Post-Truth and Consequences

I am different from Washington; I have a higher, grander standard of principle. Washington could not lie. I can lie, but I won’t.

~Mark Twain

Funny thing about the story of little George Washington telling his father the truth about chopping down the cherry tree. … It’s a myth. “America’s bedrock parable of honesty,” said Ralph Keyes (The Quote Verifier) was made up by biographer Mason Locke Weems.

Funnier still is that Weems signed his work, “rector of Mount Vernon parish.” But, as Keyes noted, “There was no such church.”

Whether or not George could tell a lie, Washington — the city, not the president — is a swath of tree stumps choked by a thicket of deceit. I try to stay clear of the disenchanted forest. I prefer to stick to discussing language and leave politics to my colleagues in the punditry. But just when I thought it was safe to go back to innocuous wordplay, along comes the team at Oxford Dictionaries and announces their word of the year:

“The Oxford Dictionaries Word of the Year 2016 is post-truth — an adjective defined as ‘relating to or denoting circumstances in which objective facts are less influential in shaping public opinion than appeals to emotion and personal belief.’ …

“The compound word post-truth exemplifies an expansion in the meaning of the prefix post- that has become increasingly prominent in recent years. Rather than simply referring to the time after a specified situation or event — as in post-war or post-match — the prefix in post-truth has a meaning more like ‘belonging to a time in which the specified concept has become unimportant or irrelevant.’”

The term carries a cynical connotation that truth itself has become irrelevant. It’s neo-nihilism for new nothings.

In 2004, Ralph Keyes wrote a book called The Post-Truth Era. “I think it’s fair to say that honesty is on the ropes,” he wrote. “Deception has become commonplace at all levels of contemporary life.”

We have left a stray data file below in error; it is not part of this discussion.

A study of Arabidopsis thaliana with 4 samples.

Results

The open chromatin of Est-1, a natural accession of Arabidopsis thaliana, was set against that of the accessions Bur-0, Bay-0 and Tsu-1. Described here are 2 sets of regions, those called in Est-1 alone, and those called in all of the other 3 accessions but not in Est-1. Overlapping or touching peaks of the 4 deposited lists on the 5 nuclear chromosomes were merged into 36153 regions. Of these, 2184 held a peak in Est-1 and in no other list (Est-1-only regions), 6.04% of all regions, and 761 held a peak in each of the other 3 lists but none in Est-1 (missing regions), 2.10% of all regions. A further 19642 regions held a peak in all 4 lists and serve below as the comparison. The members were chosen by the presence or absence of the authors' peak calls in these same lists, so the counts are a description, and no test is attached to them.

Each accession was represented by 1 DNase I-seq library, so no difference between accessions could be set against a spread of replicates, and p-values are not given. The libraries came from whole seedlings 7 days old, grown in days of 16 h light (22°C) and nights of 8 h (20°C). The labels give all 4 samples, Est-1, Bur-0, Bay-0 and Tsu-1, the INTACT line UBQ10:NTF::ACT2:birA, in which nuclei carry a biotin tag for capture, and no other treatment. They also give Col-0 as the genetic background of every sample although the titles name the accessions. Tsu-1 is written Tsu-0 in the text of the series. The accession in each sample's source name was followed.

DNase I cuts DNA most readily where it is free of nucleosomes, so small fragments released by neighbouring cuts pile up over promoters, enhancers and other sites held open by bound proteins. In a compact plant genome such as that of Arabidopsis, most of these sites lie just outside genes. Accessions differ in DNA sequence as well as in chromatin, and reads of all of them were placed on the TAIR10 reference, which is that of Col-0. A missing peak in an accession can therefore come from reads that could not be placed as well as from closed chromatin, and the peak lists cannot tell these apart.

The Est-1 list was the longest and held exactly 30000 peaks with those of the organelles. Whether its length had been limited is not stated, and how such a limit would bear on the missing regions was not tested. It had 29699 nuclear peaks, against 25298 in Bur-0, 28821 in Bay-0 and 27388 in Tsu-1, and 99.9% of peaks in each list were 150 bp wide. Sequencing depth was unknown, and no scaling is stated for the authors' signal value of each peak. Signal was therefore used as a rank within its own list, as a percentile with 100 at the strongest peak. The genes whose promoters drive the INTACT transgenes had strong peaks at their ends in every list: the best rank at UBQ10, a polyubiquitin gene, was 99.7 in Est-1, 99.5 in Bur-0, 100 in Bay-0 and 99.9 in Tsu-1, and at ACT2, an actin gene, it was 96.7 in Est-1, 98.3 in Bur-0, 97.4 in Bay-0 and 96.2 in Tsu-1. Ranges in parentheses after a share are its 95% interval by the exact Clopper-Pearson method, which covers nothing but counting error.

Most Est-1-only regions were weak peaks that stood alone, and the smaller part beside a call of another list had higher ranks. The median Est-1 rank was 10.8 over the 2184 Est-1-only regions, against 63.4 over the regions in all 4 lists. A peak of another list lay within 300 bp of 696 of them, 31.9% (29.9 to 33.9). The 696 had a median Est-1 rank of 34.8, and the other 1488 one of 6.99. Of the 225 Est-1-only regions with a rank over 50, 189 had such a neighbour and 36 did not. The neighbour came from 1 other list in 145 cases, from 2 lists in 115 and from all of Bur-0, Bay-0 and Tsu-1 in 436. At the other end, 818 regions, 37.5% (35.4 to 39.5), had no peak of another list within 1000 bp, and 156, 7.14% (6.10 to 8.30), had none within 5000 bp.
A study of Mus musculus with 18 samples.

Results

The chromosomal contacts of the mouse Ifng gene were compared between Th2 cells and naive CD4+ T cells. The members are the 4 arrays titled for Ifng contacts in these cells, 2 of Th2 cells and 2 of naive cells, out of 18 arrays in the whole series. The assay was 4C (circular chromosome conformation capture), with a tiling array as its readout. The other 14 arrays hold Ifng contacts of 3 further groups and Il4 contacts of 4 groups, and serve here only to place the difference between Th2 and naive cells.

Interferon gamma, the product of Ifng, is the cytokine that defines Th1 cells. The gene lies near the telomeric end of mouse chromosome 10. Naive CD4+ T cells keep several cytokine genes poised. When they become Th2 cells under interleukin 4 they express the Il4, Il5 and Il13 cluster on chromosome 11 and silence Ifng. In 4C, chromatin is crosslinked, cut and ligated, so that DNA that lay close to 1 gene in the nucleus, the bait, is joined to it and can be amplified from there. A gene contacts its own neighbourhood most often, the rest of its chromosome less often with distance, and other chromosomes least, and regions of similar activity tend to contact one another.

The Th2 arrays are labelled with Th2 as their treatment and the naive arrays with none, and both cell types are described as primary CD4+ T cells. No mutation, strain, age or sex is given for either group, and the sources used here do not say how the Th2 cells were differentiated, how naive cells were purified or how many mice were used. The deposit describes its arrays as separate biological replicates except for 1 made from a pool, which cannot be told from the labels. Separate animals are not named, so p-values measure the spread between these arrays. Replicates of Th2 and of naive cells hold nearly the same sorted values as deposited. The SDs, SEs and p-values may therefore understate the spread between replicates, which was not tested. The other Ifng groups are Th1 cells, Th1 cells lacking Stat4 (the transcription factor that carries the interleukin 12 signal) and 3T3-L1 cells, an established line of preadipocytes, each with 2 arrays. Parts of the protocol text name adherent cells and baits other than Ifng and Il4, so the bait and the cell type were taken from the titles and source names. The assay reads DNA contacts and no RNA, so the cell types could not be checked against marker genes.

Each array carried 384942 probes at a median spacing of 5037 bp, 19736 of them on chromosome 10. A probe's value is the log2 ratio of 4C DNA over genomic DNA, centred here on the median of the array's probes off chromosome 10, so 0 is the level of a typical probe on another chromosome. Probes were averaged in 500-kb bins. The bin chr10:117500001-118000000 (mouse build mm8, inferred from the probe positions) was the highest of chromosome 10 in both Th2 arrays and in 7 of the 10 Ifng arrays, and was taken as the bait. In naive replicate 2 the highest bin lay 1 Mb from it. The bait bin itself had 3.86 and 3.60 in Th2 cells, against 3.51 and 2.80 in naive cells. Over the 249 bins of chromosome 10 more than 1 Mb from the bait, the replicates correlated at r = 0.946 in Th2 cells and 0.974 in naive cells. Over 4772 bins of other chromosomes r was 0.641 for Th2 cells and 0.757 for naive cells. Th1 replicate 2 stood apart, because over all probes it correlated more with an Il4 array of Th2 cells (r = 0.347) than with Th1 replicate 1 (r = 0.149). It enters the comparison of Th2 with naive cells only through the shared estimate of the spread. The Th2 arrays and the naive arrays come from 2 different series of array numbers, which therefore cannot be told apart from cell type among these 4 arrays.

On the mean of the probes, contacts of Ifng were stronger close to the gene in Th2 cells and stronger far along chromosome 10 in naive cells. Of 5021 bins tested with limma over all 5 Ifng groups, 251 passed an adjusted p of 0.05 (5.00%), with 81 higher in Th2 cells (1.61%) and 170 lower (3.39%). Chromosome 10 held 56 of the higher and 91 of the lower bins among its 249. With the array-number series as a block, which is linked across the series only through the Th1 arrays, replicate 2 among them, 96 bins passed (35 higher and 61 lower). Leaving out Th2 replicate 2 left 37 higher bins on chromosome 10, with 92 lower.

I asked Keyes how he felt about Oxford finally catching up to him. His answer was a measure of the great divide of this election:

“Thanks be to Donald Trump. Since he epitomizes post-truthfulness, and has bumped its practice to a higher level than ever before, that topic can no longer be ignored (as it has been for the past decade). Although I wrote about Trump’s dissembling in The Post-Truth Era, I’ve been surprised at how blatantly he’s been willing to continue to pass off lies as truth, now on a national stage. Obviously this didn’t hurt his political standing, no thanks to we, the people, who apparently don’t consider dishonesty to be a disqualifier for being elected president.”

Whew!

In The Post-Truth Era, Keyes wrote that when Trump’s book was published, “Donald Trump claimed that 200,000 copies had been printed,” along with other claims about the popularity of the book, which turned out not to be true. How did he justify such prevarication? Keyes said, “In his book, Trump called this kind of braggadocio ‘truthful hyperbole.’”

Tiptoeing gingerly, I said, “I may play devil’s advocate. Not to go political on you, but wouldn’t you say there was equal-opportunity dissembling in this election? Clinton’s biggest liability was her perceived untrustworthiness. Come to think of it, since Abraham Lincoln, which president was known for being honest?”

Keyes replied, “I agree that dissembling is an occupational hazard of being a politician, Honest Abe included (his nickname notwithstanding). Hillary was certainly slippery with the facts, but in a more lawyerly, hair-splitting way than the unrepentant whopper-telling Donald engaged in so routinely. IMHO.”

Then Keyes quoted from the Washington Post: “‘We concede all politicians lie,’ conservative columnist Jennifer Rubin wrote in September. ‘Nevertheless, Donald Trump is in a class by himself.’”

In more ways than one. No doubt, Trump is Huge. But I’d still have to say Mrs. Clinton, though more subtle, is no lightweight. She is a reliably unreliable source of information.

This election reminds me of the 1960 ads with a smirking Richard Nixon and the headline, “Would you buy a used car from this man?”

But — truth be told — the truth usually isn’t told. Not since, oh, Creation.

The Midrash (Bereishis Rabbah 8:5) says that when G-d was about to create the world, He consulted with emes (Truth), shalom (Peace), and chessed (Kindness). Peace advised not to create Man, because there will be constant fighting. Truth said not to create Man, because Man will be full of lies. Kindness said to create Man because he will do acts of kindness.

And so, the Midrash says, G-d cast Truth down to the ground and created the world.

The Kotzker Rebbe, zy”a, asked, why was only Truth cast down? Peace also said not to create Man.

However, the Kotzker answered, “Once you bury Truth, it’s easy to make Peace.”